After three years of searching for a long-term home for San Diego’s international airport, members of the airport authority this week drafted ballot language for a November initiative that would essentially pass their charge onto a vague group: government officials.

Should San Diego County government officials, the draft language reads, make every effort possible to persuade Congress and the military to open up a chunk of Marine Corps Air Station Miramar for use as a commercial airport?

With San Diego’s congressional delegation unmoved by Miramar and few other political heavyweights in the region stepping into the fray, airport authority officials’ eyes are turning to one government official in particular: San Diego Mayor Jerry Sanders.

The new mayor, still reveling in his post-election honeymoon popularity, is just six months into a tenure that will be dominated and judged by the success of his financial turnaround plan. But both existing Lindbergh Field and Miramar fall within San Diego city limits, and few elected officials enjoy the reach and popularity of the former police chief.

So what role could Sanders play in the airport authority’s push toward Miramar?

“The same role that Churchill played in the Second World War,” said William D. Lynch, an airport authority board member who favors Miramar. “And if he’s a (Neville) Chamberlain, kiss your ass goodbye.”

But airport boosters are unlikely to find in Sanders the outspoken champion they desire. Sanders would have to be willing to expend a massive batch of his early political capital on an issue that carries a sizable political downside and no clear-cut upside.

Even if voters approve the November ballot, it would take an act of Congress or the acquiescence of a defiant military to actually place a commercial airport inside Miramar’s 23,000-acre confines.

“It’s not our place to select a champion, but it definitely needs one,” said Paul G. Nieto, a San Diego County Regional Airport Authority board member who supports the Miramar initiative. “Hopefully it would be not just [Sanders] but a number of folks. But certainly the mayor of San Diego would carry a lot of weight.”

As testament to the prickly political path facing the initiative, Sanders is expected to take a nuanced, neutral stance on Miramar when he makes his announcement. The Mayor’s Office has scheduled a press conference for 10 a.m. Wednesday.

The Sanders camp has been busy formulating a strategy on the issue, which has the potential to shape the look and economy of San Diego for decades into the future. An airport authority committee’s decision to draft tentative ballot language Monday has forced the mayor to articulate his stance on Miramar for the first time.

“The authority’s position caught us a bit by surprise,” said Fred Sainz, Sanders’ spokesman.

If Sanders were to support the airport authority’s push, he would likely win points with the business community. He would lose points with the military, an industry he has championed for San Diego, and the voters of the influential neighborhoods that ring the Miramar base.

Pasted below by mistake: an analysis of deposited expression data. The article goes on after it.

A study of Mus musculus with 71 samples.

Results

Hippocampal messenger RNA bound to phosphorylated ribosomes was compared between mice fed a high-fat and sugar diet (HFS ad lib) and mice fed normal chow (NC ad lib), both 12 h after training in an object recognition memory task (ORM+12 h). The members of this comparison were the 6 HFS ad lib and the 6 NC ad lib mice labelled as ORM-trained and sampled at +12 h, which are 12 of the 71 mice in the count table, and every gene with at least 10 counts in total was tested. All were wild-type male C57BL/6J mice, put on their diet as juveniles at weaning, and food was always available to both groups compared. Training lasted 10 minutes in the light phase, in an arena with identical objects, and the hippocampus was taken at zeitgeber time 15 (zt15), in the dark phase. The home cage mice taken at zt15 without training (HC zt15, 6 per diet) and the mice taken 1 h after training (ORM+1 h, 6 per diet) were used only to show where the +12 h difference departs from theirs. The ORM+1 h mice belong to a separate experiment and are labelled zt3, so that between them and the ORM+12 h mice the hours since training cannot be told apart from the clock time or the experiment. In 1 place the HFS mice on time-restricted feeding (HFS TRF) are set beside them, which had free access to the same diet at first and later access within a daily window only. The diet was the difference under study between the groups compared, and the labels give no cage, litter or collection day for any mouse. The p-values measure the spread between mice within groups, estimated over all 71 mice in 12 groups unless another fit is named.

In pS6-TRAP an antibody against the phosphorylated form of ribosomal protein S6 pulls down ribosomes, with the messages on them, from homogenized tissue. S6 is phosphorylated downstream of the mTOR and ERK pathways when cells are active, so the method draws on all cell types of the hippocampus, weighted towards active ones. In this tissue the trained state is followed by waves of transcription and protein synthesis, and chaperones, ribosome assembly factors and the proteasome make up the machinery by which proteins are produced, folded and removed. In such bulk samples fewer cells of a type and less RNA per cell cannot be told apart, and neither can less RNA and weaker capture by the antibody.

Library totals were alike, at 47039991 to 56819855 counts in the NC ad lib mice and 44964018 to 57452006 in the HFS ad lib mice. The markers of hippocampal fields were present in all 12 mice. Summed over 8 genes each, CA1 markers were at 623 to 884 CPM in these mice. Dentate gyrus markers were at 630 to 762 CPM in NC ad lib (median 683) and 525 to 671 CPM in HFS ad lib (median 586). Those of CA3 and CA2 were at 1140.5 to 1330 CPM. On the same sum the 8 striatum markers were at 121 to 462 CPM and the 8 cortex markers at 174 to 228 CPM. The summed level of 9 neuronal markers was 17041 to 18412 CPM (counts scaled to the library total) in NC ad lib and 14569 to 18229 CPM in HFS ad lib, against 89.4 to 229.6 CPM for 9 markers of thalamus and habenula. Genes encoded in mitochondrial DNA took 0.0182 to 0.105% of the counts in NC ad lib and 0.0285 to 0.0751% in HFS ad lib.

Though Sanders doesn’t have the sway in the airport debate that mayors in Denver or Los Angeles have had – airports there are city-run, not regionally run – he is center-stage here, said Steve Erie, director of the Urban Studies and Planning program at the University of California, San Diego. The mayor can be a cheerleader, Erie said, and form vital alliances with the congressional delegation.

At least in theory.

“Jerry is preoccupied with other issues,” Erie said, “and it’s a hot-button issue that could cost him votes. When you’ve got an airport in military hands basically you’re dead in the water unless the mayor is willing to take it on. This mayor has a full plate.”

Indeed, Sanders was elected last fall to rescue the city of San Diego from its dire political and fiscal straights – highlighted by a $1.4 billion pension deficit that threatens to consume annual city budgets for years to come absent a successful financial reform package. Just last month, he asked the City Council to allow the Chargers to negotiate with other cities in the county over new stadium demands, saying the city’s fiscal woes left him little time to engage the football team in serious talks.

His predecessor, former Mayor Dick Murphy, left the new airport as one of the unfinished of his famous 10 goals for his tenure when he suddenly resigned last year. The airport periodically came up as a question on the campaign trail last year, but the city’s immediate struggles have pushed the airport to the periphery.

When Denver made its push to build a new international airport in the early 1990s, the process spanned two mayors and some 20 City Council members. They united behind it, as did the region’s congressional delegation, said Stephanie Foote, a former Denver City Councilwoman and deputy mayor who helped oversee the airport’s construction.

“It has to be championed by the elected officials and the business community,” said Wellington Webb, Denver’s mayor from 1993 to 2001. “And it has to be viewed as what’s in the long-range, best interest of the community.”

Webb, who oversaw construction, and Mayor Federico Peña, who conceived the idea, each spent four years with little else on their agendas, Foote said, except for getting the airport built.

“It was a struggle every single day for eight or nine years,” Foote said. “That’s where you have to have the political will. We never had an easy day – because you’re building an airport.”